Defence

A flurry of defence deals have been signed at Euronaval 2018 in anticipation of the start of major naval shipbuilding in Adelaide.


Groupe FIVA, based in Cherbourg and a partner with Naval Group France, which is building the next generation of Australian submarines, will work with Cadgile’s staff to develop engineering services for the defence, energy and environment sectors in Australia.

The announcement comes after Groupe FIVA, which already has established an office in South Australia, signed a collaboration agreement with ASC to work on current and future naval programs in Australia and France.

ASC, based in Adelaide, South Australia, also agreed to collaborate with Endel Engie, a long-term partner of Naval Group, to create joint business opportunities on Australia’s $50 billion Future Submarine program.

Spanish company Detegasa signed on with South Australia’s SAGE Automation to expand its through-life-support capabilities for the Royal Australian Navy surface ship by providing in-country support for Detegasa equipment on-board LHD, DDG and future AOR vessels.

SAGE general manager for defence Paul Johnson said the deal opened opportunities for Detegasa to manufacture equipment in Australia for future programs, including the Hunter class Future Frigates.

“We see this agreement and partnership with Detegasa as a game changer for our TLS delivery. We very much look forward to working with Detegasa to bring value to the Defence support managing contractors and Navy assets,” Johnson said.

South Australian advanced manufacturing company Redarc Electronics and local manufacturer Rowlands Metalworks formalised a MOU with German naval C2 and navigation system integrator Raytheon Anschütz to partner for future Australian naval projects, including the Hunter class Future Frigates.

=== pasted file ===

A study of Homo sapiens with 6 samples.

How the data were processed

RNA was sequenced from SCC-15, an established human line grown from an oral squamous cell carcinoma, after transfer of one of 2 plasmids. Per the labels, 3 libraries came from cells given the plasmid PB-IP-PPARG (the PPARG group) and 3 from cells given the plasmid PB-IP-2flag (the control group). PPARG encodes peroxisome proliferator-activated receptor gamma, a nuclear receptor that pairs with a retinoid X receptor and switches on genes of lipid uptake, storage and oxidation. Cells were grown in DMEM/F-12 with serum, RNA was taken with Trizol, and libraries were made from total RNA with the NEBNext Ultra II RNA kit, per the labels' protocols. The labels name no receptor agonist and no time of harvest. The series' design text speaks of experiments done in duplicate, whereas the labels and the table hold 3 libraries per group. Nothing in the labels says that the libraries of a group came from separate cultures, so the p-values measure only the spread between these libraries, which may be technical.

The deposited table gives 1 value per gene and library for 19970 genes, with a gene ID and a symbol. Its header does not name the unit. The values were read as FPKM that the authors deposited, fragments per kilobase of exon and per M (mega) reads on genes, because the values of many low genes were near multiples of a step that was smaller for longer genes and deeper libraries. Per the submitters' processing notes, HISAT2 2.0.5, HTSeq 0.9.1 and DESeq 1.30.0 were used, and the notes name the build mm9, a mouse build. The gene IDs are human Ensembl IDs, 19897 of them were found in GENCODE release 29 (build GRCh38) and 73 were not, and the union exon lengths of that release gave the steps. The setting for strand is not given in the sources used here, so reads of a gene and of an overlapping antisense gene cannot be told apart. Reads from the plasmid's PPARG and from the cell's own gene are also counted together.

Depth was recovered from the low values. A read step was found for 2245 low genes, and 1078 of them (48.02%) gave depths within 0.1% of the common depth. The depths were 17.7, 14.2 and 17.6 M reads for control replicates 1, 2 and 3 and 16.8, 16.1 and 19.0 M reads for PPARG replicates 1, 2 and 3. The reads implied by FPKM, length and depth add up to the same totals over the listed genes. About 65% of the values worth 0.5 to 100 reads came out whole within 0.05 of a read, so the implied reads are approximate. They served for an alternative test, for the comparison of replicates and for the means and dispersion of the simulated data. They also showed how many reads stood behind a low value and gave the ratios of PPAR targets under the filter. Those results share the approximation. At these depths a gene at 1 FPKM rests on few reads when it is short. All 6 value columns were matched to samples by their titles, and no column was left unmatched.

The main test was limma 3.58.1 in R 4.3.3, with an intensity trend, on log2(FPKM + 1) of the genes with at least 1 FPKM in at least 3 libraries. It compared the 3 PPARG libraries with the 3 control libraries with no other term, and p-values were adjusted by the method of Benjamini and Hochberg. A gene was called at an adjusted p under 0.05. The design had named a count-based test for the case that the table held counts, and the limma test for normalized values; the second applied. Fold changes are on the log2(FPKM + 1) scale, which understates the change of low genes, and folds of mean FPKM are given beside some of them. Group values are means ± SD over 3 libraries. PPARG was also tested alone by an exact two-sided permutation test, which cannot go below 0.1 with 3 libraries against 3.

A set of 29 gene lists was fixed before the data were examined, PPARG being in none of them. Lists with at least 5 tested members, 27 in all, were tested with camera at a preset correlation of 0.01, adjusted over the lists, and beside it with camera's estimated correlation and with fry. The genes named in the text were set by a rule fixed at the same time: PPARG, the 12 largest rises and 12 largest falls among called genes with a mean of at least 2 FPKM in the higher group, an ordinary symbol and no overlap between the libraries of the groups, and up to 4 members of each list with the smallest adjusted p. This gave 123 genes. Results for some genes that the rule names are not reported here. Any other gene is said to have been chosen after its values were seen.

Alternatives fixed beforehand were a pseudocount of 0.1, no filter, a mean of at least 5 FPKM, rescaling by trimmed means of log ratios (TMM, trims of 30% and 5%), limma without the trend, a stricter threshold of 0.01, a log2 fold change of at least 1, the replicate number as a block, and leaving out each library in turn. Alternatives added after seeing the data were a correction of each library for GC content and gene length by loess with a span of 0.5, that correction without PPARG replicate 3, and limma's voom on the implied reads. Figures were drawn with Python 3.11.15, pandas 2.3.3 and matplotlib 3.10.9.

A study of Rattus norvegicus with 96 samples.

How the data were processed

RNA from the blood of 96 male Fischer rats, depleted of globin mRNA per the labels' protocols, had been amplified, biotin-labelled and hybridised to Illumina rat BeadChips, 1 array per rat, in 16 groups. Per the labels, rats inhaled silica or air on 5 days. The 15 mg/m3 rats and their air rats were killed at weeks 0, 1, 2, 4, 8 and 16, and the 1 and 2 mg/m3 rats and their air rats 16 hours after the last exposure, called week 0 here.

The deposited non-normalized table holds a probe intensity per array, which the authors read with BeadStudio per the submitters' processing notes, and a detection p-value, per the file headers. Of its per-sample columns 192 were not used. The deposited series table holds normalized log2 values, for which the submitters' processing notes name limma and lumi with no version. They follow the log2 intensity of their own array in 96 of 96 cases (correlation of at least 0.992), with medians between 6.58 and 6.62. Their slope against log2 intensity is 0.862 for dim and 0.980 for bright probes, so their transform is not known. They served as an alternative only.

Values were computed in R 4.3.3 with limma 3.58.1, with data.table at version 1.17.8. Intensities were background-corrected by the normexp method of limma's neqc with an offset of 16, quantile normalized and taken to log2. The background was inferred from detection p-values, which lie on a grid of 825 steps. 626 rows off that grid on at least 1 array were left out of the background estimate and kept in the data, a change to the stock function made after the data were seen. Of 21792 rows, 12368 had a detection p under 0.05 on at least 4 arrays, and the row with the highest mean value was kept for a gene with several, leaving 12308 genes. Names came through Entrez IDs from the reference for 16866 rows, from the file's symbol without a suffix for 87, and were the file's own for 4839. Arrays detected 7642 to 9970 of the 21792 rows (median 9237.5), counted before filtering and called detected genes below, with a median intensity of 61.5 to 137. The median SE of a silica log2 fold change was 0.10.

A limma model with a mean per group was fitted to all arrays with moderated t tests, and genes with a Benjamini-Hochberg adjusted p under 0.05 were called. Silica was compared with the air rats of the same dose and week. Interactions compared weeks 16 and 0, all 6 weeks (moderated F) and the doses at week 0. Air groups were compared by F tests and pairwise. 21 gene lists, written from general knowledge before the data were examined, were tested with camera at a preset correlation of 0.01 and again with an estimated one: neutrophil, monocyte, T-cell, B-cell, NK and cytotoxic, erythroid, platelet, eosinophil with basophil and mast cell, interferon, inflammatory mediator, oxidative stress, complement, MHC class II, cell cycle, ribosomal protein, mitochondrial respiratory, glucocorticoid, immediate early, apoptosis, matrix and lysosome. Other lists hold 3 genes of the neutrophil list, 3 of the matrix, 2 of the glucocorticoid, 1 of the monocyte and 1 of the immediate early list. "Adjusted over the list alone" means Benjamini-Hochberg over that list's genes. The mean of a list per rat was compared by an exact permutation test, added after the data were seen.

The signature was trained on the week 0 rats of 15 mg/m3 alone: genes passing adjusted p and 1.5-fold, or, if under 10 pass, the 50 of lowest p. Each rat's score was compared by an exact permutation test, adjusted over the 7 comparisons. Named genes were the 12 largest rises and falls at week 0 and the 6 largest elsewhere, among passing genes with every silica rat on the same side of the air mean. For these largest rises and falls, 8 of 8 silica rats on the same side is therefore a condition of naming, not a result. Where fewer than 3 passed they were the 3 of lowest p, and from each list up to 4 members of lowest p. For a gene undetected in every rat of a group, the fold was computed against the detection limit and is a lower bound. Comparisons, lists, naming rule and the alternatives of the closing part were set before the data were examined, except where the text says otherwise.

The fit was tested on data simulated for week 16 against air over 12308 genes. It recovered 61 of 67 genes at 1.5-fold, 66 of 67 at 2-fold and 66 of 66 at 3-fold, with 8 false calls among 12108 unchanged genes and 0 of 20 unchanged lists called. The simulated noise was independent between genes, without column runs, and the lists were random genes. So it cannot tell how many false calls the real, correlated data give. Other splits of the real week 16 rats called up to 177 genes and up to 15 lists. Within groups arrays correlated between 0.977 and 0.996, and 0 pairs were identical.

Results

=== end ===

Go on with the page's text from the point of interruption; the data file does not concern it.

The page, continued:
The Team Defence Australia stand at Euronaval has 18 South Australian companies and four local universities and education institutes.

Defence SA chief executive Richard Price said South Australian businesses made up almost half the Australian contingent.

“It’s great to see South Australian defence companies taking a proactive approach to forming strategic partnerships with international defence companies.

South Australia is pivotal in Australia’s plans to regenerate the Royal Australian Navy with new submarines, frigates and offshore patrol vessels. The ships will be built at the Osborne Naval Shipyard in Adelaide, which is undergoing a $500 million upgrade, and is currently the base for work on Australia’s Air Warfare Destroyers and Collins class submarines.

The South Australian government last week opened a Defence Landing Pad in Adelaide to attract more international defence companies to set up in South Australia.

This is a Creative Commons story from The Lead South Australia, a news service providing stories about innovation in South Australia. Please feel free to use the story in any form of media. The story sources are linked in with the copy and all contacts are willing to talk further about the story.